The International Wine Center (IWC) was founded in the Garment District in 1982. International Wine Center (IWC) is a wine school licensed by the New York State Education Department to provide professional training for individuals who hold or aspire to careers in wine and spirits.
Initially, the school tried to develop an independent curriculum. Instead, it became “a training ground for numerous members of the wine trade,” according to the New York Times (July 6, 1988). As a result, the school’s wine programming was never fully developed and was dismantled.
In 1994, IWC became the first organization in the U.S. to adopt the Wine & Spirits Education Trust (WSET) certifications. The original certificate offered was the “Higher Certificate in Wines and Spirits; Diploma in Wines and Spirits” By 2003, IWC became the U.S. Headquarters of WSET and the largest: More than 300 individuals have achieved the WSET Diploma in Wines & Spirits through the IWC.
The International Wine Center’s president, Mary Ewing-Mulligan MW, is the first woman in the U.S. to become a Master of Wine. Mary began her career at the Italian Trade Commission, educating consumers about Italy’s wines. She then worked in the private sector, holding a senior position at PepsiCo Wines & Spirit, before focusing on wine education. She joined the International Wine Center (IWC) in New York in 1984. Her brother (Neil Ewing) runs WSET programming in Philadelphia.
In the 1980s wine education encompassed imparting straightforward information (which was less accessible before the internet) and enabling experience. Many students were already wine enthusiasts and came to classes with some wine knowledge that they had acquired through reading or through peer learning in wine-tasting clubs and they were interested in tasting opportunities.
The concept of learning about wine to promote one’s career was non-existent, apart from university programs in viticulture and enology. Aspirational learning was limited to the desire to taste finer, more elite wines. That motivation changed with the emergence of post-nominals, particularly The Certified Wine Educator credential (CWE) of the Society of Wine Educators, which gave individuals an opportunity to prove what they know. But WSET, from 1994 in New York, was the first to provide a structure of learning and that was a dramatic change.Mary Ewing-Mulligan MW
Mary Ewing-Mulligan is also the best-selling “Wine for Dummies” book co-author.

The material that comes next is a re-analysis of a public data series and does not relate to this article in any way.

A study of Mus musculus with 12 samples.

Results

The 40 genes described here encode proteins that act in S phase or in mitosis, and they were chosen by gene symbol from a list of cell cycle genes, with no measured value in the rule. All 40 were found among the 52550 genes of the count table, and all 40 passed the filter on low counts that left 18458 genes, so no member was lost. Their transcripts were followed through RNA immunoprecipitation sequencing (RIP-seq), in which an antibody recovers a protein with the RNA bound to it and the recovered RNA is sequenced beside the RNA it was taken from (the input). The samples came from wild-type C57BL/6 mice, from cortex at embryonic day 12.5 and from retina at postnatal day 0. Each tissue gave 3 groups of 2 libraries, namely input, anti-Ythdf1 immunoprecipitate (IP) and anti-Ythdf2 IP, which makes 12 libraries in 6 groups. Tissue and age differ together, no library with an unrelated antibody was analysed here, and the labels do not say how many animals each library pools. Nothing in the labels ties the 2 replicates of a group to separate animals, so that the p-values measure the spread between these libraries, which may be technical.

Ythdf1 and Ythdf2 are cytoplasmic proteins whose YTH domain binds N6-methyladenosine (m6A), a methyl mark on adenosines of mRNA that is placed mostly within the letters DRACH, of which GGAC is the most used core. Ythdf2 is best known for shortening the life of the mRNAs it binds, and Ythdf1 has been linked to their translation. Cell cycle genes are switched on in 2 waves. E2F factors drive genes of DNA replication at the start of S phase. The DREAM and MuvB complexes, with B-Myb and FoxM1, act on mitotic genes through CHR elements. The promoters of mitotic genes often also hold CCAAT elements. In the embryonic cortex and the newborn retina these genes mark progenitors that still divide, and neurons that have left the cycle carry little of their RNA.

Albert L. Hotchkin Jr, a business consultant-turned-restaurateur, founded the wine school. The school was located at 144 West 55th Street, on the second floor above Mr. Hotchin’s popular Tastings Wine Bar and Restaurant. The restaurant closed in 1998, and the school moved to West 29th St. Under his leadership, IWC became a site for wine industry events. In addition, it was the site of some of NYC’s first professional wine tastings.
Mr. Hotchkin passed away in 2003.
The school’s storied history and its famous wine director are important considerations. However, the school as it exists today is less exciting than it was in earlier times. The teaching staff is not as well-seasoned nor dynamic as they once were. The classroom is small, with fold-out plastic tables and fluorescent lighting. Classes are centered around PowerPoint presentations and an instructor, at times, reading from a manual.
Despite the lackluster programming, the IWC is the center of Wine & Spirit Education Trust programming in the United States. For that reason alone, this wine school is worthwhile attending.
Over the past few years, the International Wine Center has faced stiff competition against another WSET Affiliate, Fine Vintage LTD. For over 30 years, the IWC has monopolized WSET credentials in New York City. This made a lot of sense: IWC was the pioneering school to bring this wine accreditation to the United States.
However, as the quality of their programs faltered over the past decade, it seems that WSET America decided to introduce some competition into the field. While the importance of the IWC cannot be understated, it is very clear that anyone seeking a quality WSET education in New York should welcome this newfound competition.
Stuffy and dishevelled is not a good combination. This school may have been ahead of its time, but it seems to be treading water now. There is much better in NYC than this.